Why the world’s youth are key to reducing disaster impacts
By Mohammed Omer Mukhier

Monday, 9 March 2015


Young people are often seriously affected when disasters strike and can face severe difficulties in coping with unexpected and traumatic interruptions to their lives. But despite this, the world’s youth are also the very people who can teach their communities – and the wider world – how to reduce the risks and impact of disasters. Young people are unmatched by any other demographic group in their ability to bring about meaningful change in social behaviour and attitudes. We must not underestimate their potential to make a real difference in the time of disasters.

This is why children and young people are central to Red Cross Red Crescent disaster risk reduction efforts. Globally, around half of the 13 million Red Cross Red Crescent volunteers are young people. Not only do we pay special attention to their needs when disasters strike, but we also engage them in the design and implementation of disaster risk reduction programmes. We recognise their unique role and the value they can provide as innovators, inter-cultural ambassadors, peer-to-peer facilitators, community mobilizers, and advocates for vulnerable people.

In 2009, young people from 150 countries, representing the millions of young Red Cross Red Crescent volunteers, committed themselves to working on disaster preparedness, response and recovery, including innovative solutions in areas such as psychosocial support, advocacy for climate change adaptation, food security, and access to safe and clean water.

Since then, youth-led programming has proven to be effective even in the most challenging of environments, such as the Kwale communities in drought stricken Kenya. The award winning Kenya Red Cross Kwale communities project raised awareness amongst children and young people about the problems caused by climate change, provided them with necessary training, and mobilized them as agents of change in building the resilience of the communites to recurring drought and famine.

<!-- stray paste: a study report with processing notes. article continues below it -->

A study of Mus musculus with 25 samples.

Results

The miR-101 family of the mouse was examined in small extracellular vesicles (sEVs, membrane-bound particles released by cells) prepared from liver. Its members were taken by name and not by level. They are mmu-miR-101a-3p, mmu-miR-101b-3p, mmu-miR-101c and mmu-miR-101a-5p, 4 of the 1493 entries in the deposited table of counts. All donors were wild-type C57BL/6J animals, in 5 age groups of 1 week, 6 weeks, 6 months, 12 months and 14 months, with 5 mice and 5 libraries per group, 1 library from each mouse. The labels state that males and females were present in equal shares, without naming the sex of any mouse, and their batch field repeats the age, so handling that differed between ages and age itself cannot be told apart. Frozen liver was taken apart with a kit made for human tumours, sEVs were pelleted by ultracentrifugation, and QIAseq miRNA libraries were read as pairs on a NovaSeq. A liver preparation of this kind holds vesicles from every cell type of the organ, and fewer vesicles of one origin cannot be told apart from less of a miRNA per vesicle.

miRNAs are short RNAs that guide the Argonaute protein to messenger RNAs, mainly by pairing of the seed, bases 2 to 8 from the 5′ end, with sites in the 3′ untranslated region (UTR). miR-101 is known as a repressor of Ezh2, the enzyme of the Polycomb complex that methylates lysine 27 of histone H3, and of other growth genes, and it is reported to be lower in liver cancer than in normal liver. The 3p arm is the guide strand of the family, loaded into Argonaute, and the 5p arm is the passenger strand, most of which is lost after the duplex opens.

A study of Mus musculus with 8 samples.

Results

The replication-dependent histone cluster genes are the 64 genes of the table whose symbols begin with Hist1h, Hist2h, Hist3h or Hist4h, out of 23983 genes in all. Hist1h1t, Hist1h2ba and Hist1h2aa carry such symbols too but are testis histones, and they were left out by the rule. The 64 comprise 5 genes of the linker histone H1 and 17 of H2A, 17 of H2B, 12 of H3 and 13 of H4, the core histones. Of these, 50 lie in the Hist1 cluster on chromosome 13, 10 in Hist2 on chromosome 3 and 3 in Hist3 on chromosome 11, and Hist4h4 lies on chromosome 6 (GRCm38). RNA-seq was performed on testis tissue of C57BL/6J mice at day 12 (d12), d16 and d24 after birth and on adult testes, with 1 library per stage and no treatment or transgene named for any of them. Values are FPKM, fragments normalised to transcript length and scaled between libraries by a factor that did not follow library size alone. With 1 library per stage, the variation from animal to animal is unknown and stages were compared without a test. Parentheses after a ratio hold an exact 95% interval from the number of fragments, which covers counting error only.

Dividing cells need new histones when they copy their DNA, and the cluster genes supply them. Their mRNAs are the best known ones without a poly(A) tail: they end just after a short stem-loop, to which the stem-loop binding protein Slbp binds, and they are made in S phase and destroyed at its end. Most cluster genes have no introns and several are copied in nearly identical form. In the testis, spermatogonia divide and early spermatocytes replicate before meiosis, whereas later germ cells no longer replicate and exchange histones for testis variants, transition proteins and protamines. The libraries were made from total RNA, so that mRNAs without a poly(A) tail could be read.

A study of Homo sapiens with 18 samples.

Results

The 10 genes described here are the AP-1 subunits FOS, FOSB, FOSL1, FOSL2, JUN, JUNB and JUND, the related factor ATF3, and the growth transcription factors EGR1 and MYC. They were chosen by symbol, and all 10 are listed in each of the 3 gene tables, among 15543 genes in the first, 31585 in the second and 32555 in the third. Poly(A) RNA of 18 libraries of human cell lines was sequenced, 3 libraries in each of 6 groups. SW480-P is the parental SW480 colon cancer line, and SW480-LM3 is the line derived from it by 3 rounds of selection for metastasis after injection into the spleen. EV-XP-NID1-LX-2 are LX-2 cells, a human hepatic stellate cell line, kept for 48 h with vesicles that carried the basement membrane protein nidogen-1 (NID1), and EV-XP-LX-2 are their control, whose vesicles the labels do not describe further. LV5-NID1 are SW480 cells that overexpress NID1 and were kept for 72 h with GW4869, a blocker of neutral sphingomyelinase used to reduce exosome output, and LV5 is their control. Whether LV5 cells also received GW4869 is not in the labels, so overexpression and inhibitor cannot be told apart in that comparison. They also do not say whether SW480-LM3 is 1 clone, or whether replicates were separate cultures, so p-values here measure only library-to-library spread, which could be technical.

The young people involved in the project worked with Kwale communities to raise their awareness on causes and effects of climate change and ways in which they could adapt. With the help of the young Red Cross Red Crescent volunteers, communities improved their early warning and preparedness systems, updated the community disaster response plan and strengthened food security through promotion of modern farming methods. Through the project, the young volunteers also contributed to environmental conservation, improvement and better access to clean, safe and affordable water. For the Kwale communities, the result is that they have been able to withstand the Horn of Africa crisis better than many others. They also have the opportunity to teach others about the vital role young people can play in disaster risk reduction.

Tangible results have also emerged from Red Cross Red Crescent youth-led disaster risk reduction programmes in other countries including Bangladesh, Cook Islands, Costa Rica, El Salvador, Ethiopia, Fiji, India, Kenya, Niger, Panama, the Philippines, Senegal, South Africa, Thailand, Togo, and Uganda.

These are just some examples of what can be achieved when children and young people become aware of their responsibilities and potential to take an active part in the global efforts to resolve serious problems faced by humanity.

The International Federation of Red Cross Red Crescent Societies is calling on decision makers at all levels to recognize the vital role young people can and should play in reducing the risks associated with disasters. Specifically, we are calling on those who influence the funding, programme development and implementation of disaster risk reduction activities to recognize young people as powerful agents of change; encourage their unique abilities and skills such as intercultural communication and innovation in technology and thought; engage them in public awareness and education; involve them in decision making and planning at all levels; push hard for young people to have a stronger role in programme development and implementation in their own communities; and educate, elevate and empower young people by sharing responsibility and decision making in a genuine partnership.

These actions will undoubtedly help young people to do more, do better, and reach further in reducing disaster risks. Despite many challenges ahead of us, by working closely with children and young people, we can make communities all over the world safer and more resilient to disasters and their consequences. After all, the future is theirs.

Mohammed Omer Mukhier is Head of the Disaster Preparedness and Response Department at the International Federation of Red Cross and Red Crescent Societies.